If you’re a child of the 1980s, chances are that you were a fan of or are at least familiar with Strawberry Shortcake, either from the TV cartoons or the various products associated with the cheerful kiddo and her world. IDW Publishing looks to introduce modern readers to the character and her world in its currently ongoing Strawberry Shortcake comic book series. Writer Georgia Ball recently spoke with me about the genesis of the book, the theme of friendship driving the series, and what we can expect further down the line in the comic.
FreakSugar: I’m always curious what the entry point for characters like Strawberry Shortcake and other 80s properties are for different people. I remember Strawberry Shortcake being on in a cartoon block of other shows I tore through on Saturday mornings. What was yours?
Georgia Ball: My first memory of Strawberry Shortcake was her premiere television special “The World of Strawberry Shortcake” when it aired in 1980 (I also saw the “Star Wars Holiday Special” when it aired—I’m old). That was quickly followed with dolls, doll accessories, books, vinyl records and my mother’s ultimate love song to Strawberry, a themed bedroom. I was very committed.
FS: For folks who are wanting to pick up the series, how would you describe Strawberry Shortcake?
GB: If I was to narrow the theme down to one simple sentence it would be “girls being friends with each other.” There are male characters but the girls are the focus. They have doubts and challenges but their friends back them up and support them in their various endeavors. Each girl has a special talent that she’s applied to a business, and because Strawberry runs a café, some of the stories feature food and cooking. The story I just had approved is about Orange Blossom and her attempts to market her retail business.
FS: Reading the book, it certainly has the DNA of the cartoon, but feels modified just enough to appeal to modern audiences. Did you have specific elements of the cartoon you wanted to keep and others you wanted to polish?
GB: The cartoon is written for a very young audience but the comic uses a more advanced vocabulary to appeal to a broader range of ages. The most recent season of the show has a higher emphasis on using and enjoying technology that I loved, so I ran with it. Not only do all of the Berry Kids rely on their cellphones but you’ll also see them casually look something up on their laptops and post to social media. But like any 3D animated television show the plots tend to limit themselves to familiar locations, so I wanted to take advantage of the comics medium and have the characters step outside of Berry Bitty City. Artist Amy Mebberson is able to add expressions and poses to the characters that would be hard to replicate in the cartoon version.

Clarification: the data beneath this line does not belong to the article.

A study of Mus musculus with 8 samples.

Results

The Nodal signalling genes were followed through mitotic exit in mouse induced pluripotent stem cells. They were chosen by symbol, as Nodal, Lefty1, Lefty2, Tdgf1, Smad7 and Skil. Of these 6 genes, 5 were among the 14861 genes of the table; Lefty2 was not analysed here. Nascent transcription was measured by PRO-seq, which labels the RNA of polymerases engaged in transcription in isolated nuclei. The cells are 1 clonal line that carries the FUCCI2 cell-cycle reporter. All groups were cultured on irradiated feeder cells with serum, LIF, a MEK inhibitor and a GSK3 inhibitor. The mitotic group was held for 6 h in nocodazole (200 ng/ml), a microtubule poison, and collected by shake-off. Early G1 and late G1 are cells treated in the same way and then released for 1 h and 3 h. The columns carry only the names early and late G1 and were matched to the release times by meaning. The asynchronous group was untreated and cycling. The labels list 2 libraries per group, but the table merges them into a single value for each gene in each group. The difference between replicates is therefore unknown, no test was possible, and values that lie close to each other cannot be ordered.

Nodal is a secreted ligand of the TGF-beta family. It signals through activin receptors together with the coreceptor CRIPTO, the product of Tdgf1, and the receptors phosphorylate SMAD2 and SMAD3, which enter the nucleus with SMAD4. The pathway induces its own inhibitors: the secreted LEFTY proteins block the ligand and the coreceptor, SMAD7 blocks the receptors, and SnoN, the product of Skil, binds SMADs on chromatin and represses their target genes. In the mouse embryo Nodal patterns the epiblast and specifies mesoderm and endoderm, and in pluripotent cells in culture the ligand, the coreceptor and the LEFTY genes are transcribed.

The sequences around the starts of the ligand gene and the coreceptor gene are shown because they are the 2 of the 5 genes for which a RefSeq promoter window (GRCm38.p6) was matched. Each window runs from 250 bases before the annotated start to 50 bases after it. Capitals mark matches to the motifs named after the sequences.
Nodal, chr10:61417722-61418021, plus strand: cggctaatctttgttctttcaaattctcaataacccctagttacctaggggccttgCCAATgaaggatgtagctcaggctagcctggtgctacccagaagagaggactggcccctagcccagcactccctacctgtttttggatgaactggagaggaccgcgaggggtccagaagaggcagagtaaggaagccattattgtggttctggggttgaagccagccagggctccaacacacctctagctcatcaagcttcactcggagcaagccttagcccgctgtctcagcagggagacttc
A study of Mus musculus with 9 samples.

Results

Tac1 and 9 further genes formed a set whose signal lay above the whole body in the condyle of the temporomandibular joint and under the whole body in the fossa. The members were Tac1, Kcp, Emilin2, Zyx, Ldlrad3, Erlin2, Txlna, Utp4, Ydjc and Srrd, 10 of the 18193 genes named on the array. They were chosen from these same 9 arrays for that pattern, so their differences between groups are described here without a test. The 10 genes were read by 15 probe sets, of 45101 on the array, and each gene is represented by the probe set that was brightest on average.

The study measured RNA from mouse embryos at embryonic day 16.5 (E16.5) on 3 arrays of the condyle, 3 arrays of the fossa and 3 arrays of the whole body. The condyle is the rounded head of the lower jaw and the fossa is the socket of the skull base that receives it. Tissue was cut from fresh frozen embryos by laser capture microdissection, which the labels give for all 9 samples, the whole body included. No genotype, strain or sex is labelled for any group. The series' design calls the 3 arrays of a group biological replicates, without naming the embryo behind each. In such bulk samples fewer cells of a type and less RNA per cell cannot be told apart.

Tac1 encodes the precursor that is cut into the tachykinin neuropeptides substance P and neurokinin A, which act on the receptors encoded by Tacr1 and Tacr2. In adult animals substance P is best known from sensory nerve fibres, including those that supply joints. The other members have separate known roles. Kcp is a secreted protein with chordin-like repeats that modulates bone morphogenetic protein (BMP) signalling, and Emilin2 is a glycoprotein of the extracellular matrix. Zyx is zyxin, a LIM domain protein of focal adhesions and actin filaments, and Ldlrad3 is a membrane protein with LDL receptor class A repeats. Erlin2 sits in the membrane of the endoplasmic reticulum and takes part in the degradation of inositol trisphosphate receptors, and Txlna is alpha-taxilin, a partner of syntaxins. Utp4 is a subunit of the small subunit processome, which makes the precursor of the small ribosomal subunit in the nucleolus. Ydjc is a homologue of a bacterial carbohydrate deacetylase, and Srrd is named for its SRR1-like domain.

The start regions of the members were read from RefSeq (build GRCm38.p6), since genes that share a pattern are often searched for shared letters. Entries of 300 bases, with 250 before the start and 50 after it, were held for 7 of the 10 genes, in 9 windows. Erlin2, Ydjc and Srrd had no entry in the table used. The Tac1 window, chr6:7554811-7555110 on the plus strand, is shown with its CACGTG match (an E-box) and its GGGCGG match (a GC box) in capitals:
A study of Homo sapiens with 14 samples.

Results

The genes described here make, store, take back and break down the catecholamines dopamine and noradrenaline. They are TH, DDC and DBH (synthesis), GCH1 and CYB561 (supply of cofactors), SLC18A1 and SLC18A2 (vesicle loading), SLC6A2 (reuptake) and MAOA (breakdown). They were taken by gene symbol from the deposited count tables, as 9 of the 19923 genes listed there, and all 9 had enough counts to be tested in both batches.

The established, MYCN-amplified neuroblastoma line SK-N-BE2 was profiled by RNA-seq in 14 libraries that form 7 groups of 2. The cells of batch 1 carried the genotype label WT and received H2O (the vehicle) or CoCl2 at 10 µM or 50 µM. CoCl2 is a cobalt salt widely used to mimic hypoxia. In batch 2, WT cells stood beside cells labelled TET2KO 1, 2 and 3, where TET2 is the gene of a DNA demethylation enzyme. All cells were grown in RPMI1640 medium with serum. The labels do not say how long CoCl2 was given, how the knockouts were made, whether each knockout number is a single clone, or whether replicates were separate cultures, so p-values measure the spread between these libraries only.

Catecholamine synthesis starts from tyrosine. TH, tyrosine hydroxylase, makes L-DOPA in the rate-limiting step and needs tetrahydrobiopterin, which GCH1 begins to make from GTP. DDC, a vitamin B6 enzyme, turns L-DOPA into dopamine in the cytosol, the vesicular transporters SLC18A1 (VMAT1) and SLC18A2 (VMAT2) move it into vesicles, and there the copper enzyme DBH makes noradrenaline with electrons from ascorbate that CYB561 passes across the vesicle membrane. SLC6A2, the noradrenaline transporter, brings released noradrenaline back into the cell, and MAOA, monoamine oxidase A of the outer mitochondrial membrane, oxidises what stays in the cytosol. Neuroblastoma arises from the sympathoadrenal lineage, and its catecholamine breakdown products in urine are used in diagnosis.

FS: There’s an intrinsic sweetness about the book that’s very nice to read. I realize the book might be geared toward a younger audience, but do you get feedback from adult fans?
GB: I particularly like the reviews on GoodReads that are from adults. They always start with either “I know I’m not the intended audience” or “don’t judge me because I read this!” I promise I’m not judging the adults that read it or the people who recognize the property was aimed at kids. The basic premise will always be that Strawberry and her friends live in a happy, magical world where everything turns out all right, but in-between all of that I still get to put the characters through a lot of stress, tell jokes and throw in a few celebrity cameos when it suits the story.
FS: Are there any characters you connect with when writing more than others?
GB: I cook, so it was very easy to connect with Strawberry Shortcake as the every-girl. I love writing for Lemon Meringue because she’s big-hearted and doesn’t catch on to things as quickly as the others and I love writing Orange Blossom as the practical, no-nonsense confidant. The comics medium makes it a little harder for me to tell stories around Plum Pudding because dancing doesn’t read as easily and neither does Blueberry Muffin’s fascination with books, but they play supporting roles.
FS: Back to creating the world of Strawberry Shortcake, what new aspects to the cast and its universe have you introduced?
GB: The best part of the new series has been the chance to re-introduce the Purple Pie Man. When we asked Iconix if we could bring the villains back they handed us a list and it was a joy to work with them on his newest incarnation. We learned from them that his real name has always been Steve Piemanne, so right away I started developing a story that would lead him to take on a stage name. My husband Scott Ball did the initial design and Amy took it from there, turning him into a business rival with a serious grudge and a sense of style that suggests he’s trying too hard. The man-bun was Iconix’s (fantastic) idea.
FS: What can we look forward to going forward in Strawberry Shortcake?
GB: We’re bringing back Raisin Cane! She appeared in one issue when Marvel had the license and now she’s back with a new design and her own agenda. There will also be an issue that focuses on Orange Blossom and another explosive showdown with the Purple Pie Man.
Strawberry Shortcake #3, written by Georgia Ball with Amy Mebberson on art, is on sale now from IDW.
From the official description of issue #3:
Strawberry Noire! A smooth-talking salesman tries to convince Strawberry Shortcake her café needs an overhaul and the Berry Bitty baker tries to sort out her decision in dreamland in the midst of a tense mystery. Detective Shortcake and her able assistant Orange Blossom are hot on the case!